When the Gloves Come Off

December 1st, 2017

shareholder-12-1-17.pngShareholder lawsuits are relatively common for the banking industry, but the reverse—a bank suing one of its shareholders—is fairly unique. On October 31, 2017, Nashville, Tennessee-based CapStar Financial Holdings, with $1.3 billion in assets, sued its second-largest shareholder, Gaylon Lawrence Jr. The bank alleges that the investor and his holding company, The Lawrence Group, violated the Change in Bank Control Act, which requires written notice and approval from the Federal Reserve before owning more than 10 percent of a financial institution, as well as a related Tennessee law. CapStar also maintains that Lawrence violated the Securities Exchange Act of 1934 by failing to disclose plans to acquire additional CapStar stock.

Passing the 10 percent ownership mark without the proper approvals is more common than one might think, according to Jonathan Hightower, a partner at the law firm Bryan Cave LLP. And often the violators of these rules are directors who are simply enthusiastic about their bank’s stock and want more of it. “They’re interested in the bank. They may know of shares that are available in the community and buy them up without realizing they’ve crossed the threshold where they need regulatory approval,” says Hightower.

How the Fed interprets these regulations and the steps required of shareholders is a specialized area, adds Hightower. “Given that, the Fed’s approach, assuming there’s not an intentional violation, is more permissive than might be expected.” The Fed is unlikely to levy penalties against a shareholder acting in good faith.

Lawrence filed a motion to dismiss the lawsuit on November 13, 2017, and maintains that he has complied where necessary and that, as an individual investor, the Tennessee code requiring a bank holding company to acquire control of the bank isn’t relevant.

What’s unique in the CapStar case is that it’s the bank taking action against the investor, rather than the regulator. In a letter dated November 20, 2017, CapStar asked the Fed to reject Mr. Lawrence’s stake in the bank and require that Lawrence divest “all illegally acquired CapStar shares,” in addition to a request for a cease-and-desist order and the levying of civil money penalties against Lawrence.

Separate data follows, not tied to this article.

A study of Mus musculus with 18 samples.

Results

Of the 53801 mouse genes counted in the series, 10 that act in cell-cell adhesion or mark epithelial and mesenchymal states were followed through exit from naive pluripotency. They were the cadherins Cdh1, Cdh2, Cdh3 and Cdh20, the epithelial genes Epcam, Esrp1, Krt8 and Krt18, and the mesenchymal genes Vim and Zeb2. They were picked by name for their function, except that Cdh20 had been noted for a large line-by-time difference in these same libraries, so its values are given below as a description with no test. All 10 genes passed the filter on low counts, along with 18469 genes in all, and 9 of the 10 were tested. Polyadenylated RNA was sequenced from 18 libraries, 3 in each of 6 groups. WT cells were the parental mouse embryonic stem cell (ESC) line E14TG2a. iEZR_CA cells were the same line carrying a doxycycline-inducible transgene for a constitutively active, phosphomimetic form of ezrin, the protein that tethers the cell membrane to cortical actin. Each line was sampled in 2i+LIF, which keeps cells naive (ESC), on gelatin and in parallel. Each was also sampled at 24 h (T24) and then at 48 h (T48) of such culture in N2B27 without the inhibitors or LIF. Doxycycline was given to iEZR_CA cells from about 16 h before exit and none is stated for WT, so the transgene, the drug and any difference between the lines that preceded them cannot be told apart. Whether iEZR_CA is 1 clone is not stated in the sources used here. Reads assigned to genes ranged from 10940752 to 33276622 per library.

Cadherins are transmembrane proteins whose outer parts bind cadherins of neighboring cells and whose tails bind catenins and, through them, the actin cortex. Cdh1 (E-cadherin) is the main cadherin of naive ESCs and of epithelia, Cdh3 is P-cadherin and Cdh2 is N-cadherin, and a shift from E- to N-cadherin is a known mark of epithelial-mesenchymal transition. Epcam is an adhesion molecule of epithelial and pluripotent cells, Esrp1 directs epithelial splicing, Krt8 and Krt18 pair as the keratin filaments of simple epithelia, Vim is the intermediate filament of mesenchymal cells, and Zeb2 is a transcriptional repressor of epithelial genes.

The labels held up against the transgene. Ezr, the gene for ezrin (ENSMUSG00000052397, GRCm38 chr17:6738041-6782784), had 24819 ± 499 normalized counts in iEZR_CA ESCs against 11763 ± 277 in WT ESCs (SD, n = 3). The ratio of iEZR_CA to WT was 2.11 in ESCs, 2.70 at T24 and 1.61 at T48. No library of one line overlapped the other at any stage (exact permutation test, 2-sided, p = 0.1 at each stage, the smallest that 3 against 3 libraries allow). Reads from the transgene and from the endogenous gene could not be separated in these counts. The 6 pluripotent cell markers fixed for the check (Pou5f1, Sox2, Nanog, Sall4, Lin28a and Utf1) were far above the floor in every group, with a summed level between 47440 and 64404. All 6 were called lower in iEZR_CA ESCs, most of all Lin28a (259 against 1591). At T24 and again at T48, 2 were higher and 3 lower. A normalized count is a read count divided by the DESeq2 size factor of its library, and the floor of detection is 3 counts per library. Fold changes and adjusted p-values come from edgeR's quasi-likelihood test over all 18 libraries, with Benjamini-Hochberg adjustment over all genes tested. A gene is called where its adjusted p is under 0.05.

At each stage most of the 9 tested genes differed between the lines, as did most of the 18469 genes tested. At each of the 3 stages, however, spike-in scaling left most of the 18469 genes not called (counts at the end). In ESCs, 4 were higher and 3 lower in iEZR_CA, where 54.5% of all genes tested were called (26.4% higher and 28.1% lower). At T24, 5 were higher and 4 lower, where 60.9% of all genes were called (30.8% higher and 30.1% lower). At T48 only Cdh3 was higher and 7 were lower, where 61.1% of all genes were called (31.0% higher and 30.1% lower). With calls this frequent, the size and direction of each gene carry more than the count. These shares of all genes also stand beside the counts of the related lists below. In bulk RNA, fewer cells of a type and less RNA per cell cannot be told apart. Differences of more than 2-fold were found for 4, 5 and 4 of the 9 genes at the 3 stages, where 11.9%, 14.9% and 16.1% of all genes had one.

Requiring Lawrence to divest will likely harm what is, in CapStar’s own words, a “thinly traded” stock, according to Stephen Scouten, a managing director at Sandler O’Neill + Partners. Without Lawrence’s acquisitions of large amounts of stock, “the stock would be appreciably lower than it is today,” says Scouten. The stock price rose 6.95 percent year-over-year as of November 27, 2017, and 17 percent in the three months in which Lawrence has been accumulating a sizeable number of shares.


Lawrence is a long-term investor who appears to like what he sees in the Nashville market. He even recently purchased a home there. He’s certainly an experienced bank investor. He owns seven community banks, including two in the Nashville area: F&M Bank, with $1 billion in assets, and Tennessee Bank & Trust, formerly a division of $510 million asset Farmers Bank & Trust in Blytheville, Arkansas, which is also owned by Lawrence. “He’s got a lot of money to put to work, [and] he thinks banks are a good investment for his capital,” says Scouten. Right now, that looks to be as much as 15 percent of CapStar. Whether that turns into a full-fledged bid for the bank, as he sought in 2016, is anyone’s guess. Bank Director was unable to reach a representative of Gaylon Lawrence Jr., and CapStar CEO Claire Tucker declined to comment.

Bank boards frequently deal with active investors, and in most cases, Hightower recommends focusing on shareholder engagement and ensuring that large investors understand the broad strokes of the bank’s strategic plan. “More often than not, it’s people not understanding what they’ve invested in, and where it’s going,” he says.

emccormick

Emily McCormick is the Director of Research for Bank Director, an information resource for directors and officers of financial companies.You can follow her on Twitter at twitter.com/ehmccormick or get connected on LinkedIn.